Culture & Life

Propaganda and class interests

Anti-Communist propaganda these days is very sophisticated, the product of highly intelligent college graduates who are selectively recruited by agencies like the CIA even before they graduate. They are given a stirring patriotic spiel about serving freedom and stopping Red dictatorship, defending democracy and free speech – and these days human rights – and then turned loose to wage a war of lies against the USA’s enemies.

It used to be cruder, and was often spouted by the oddest people. In the days before television, the most effective outlets for anti-working class propaganda in the US were the popular magazines and the mass circulation newspapers of reactionary press barons like Hearst and McCormick.

Always supportive of the wishes and preferences of their advertisers, the great US magazines functioned as policy instruments – or certainly mouthpieces – of big business lobby groups such as the National Association of Manufacturers. In the years before WW2, the link between big business and the global drive towards fascism became very evident in the pages of these same popular weekly magazines.

They worked hand in glove with known Nazis, pro-fascist writers and undercover German agents. The well-known US anti-fascist journalist George Seldes has said of this period: “The Nazis never missed an opportunity to use undemocratic and pro-fascist publications for their propaganda machine. They filled the airwaves with extracts from Hearst’s Cosmopolitan, Lawrence Spivak and Eugene Lyons’ American Mercury, the Reader’s Digest, and the Saturday Evening Post.”

The Reader’s Digest ran rabidly anti-Soviet articles right through the Second World War. Even when the USA’s ally was fighting a colossal life-and-death struggle with Hitler’s forces in the suburbs of Stalingrad, the Reader’s Digest did not pause in its anti-Soviet propaganda. As for the Saturday Evening Post, in his book 1,000 Americans, George Seldes wrote: “The Saturday Evening Post’s service to reaction began just after the First World War, when Kenneth Roberts, Isaac L Marcosson, and several other nationally known writers were hired to sing the praises of reactionary dictators, the greatest swindlers of the era, and tycoons such as Sir Henry Deterding [head of Royal Dutch Shell], who financed a war in Baku to save his oil, and told the Saturday Evening Post that he favoured the murder of all workers who refused to work – on his terms.“

In 1940, while the US was still technically neutral, Gestapo agents visited Saturday Evening Post correspondent Demaree Bess at a Paris Hotel and offered to help him to go wherever he wanted to in occupied Europe, to see whatever he wanted to see, and to write whatever he wanted to write. This was unique: Seldes quotes Richard Boyer writing in PM: “American correspondents were not permitted to see anything for themselves, they were watched, ‘supervised’, treated like prisoners.” But not Bess.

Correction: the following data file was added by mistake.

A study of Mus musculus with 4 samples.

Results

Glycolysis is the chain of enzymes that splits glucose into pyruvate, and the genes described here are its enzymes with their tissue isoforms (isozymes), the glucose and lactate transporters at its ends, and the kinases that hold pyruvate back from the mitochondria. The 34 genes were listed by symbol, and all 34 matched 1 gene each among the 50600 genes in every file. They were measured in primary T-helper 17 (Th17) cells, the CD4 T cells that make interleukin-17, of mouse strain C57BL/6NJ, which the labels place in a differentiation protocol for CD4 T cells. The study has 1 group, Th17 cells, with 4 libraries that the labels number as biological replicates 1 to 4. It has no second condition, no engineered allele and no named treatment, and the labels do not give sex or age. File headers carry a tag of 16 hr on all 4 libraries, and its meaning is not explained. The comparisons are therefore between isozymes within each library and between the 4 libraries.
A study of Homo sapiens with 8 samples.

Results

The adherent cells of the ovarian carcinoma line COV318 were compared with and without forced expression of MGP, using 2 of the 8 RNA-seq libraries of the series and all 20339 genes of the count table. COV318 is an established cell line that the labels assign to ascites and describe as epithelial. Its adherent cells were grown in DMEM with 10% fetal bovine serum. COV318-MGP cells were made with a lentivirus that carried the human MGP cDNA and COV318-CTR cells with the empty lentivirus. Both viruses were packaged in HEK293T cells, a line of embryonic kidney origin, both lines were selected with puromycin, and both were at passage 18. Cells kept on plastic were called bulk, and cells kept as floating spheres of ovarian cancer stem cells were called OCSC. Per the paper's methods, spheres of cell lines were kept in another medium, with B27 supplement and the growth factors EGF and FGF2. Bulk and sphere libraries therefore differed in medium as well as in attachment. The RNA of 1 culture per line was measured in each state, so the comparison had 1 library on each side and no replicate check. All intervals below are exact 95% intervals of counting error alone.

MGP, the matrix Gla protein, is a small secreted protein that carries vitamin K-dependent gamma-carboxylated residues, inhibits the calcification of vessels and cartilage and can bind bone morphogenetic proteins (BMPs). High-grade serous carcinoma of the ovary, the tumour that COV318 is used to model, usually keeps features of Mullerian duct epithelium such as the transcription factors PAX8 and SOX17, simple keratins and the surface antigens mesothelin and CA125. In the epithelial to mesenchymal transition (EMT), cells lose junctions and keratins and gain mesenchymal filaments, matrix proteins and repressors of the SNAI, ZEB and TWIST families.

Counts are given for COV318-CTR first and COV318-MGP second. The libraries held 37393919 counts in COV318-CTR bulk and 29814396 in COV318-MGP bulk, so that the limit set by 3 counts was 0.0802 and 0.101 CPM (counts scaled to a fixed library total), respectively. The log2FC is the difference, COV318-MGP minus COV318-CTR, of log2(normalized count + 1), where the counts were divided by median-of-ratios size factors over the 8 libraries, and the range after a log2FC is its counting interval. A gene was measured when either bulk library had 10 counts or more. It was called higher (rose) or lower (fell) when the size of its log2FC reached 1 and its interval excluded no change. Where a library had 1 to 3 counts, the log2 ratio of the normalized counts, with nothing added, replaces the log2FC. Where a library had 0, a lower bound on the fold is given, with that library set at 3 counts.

And the articles he wrote would not have disappointed his new friends. In January of 1941, he wrote what Seldes calls “a tremendous whitewash of the German occupation of Norway, and of Quisling”. Quisling was the Norwegian traitor who welcomed the Nazis to his country and became their puppet “ruler” of Norway. He gave his name to all such traitors in WW2.

The next month Bess wrote a piece purporting to lament the fate of Holland, but in reality, as Seldes says, “it is written to try to show that it does not pay a nation to resist Hitler, because it will suffer terrible consequences if it does not surrender. Pro-Nazis are quoted with great effect, especially bankers, who want a Dutch-Nazi alliance”.

Other gems of anti-Communist, anti-worker propaganda that appeared in the hey-day of the popular weeklies include this piece from the once-popular (though not in progressive circles) magazine Liberty: “Bolshevism is knocking at our gates. We can’t afford to let it in. We have got to organise ourselves against it, and put our shoulders together and hold fast. We must keep America whole and safe and unspoiled. We must keep the worker away from red literature and red ruses; we must see that his mind remains healthy.”

And who was it who said that? That quintessential US businessman Al Capone! And why not? Organised crime is a logical concomitant of capitalist business methods. Look at the corruption among Australian trade union leaders. Look at the way so many politicians elected to represent the workers have been seduced by big money to abandon their principles and opportunistically pursue their own personal interests once in office.

Meanwhile, anti-working class propaganda continues unabated, in mass-circulation newspapers and magazines and of course now – especially now – on television. With the added feature that TV news or propaganda pieces appear to be actuality footage, so they must be true because they are “real”. But with only a few competing news channels, and all of them sourcing their “news” from the same agencies, there is less space for alternative or truthful news than there ever was before.

The old-time media barons Hearst and McCormick would never credit the kind of monopoly of information that modern media magnate Murdoch enjoys today. And if they could get away with murder in the days when there were numerous papers and magazines where stories could be compared, consider what the few who remain can get away with today, when there are virtually no checks and balances against their abuse of the information system for their own class interests.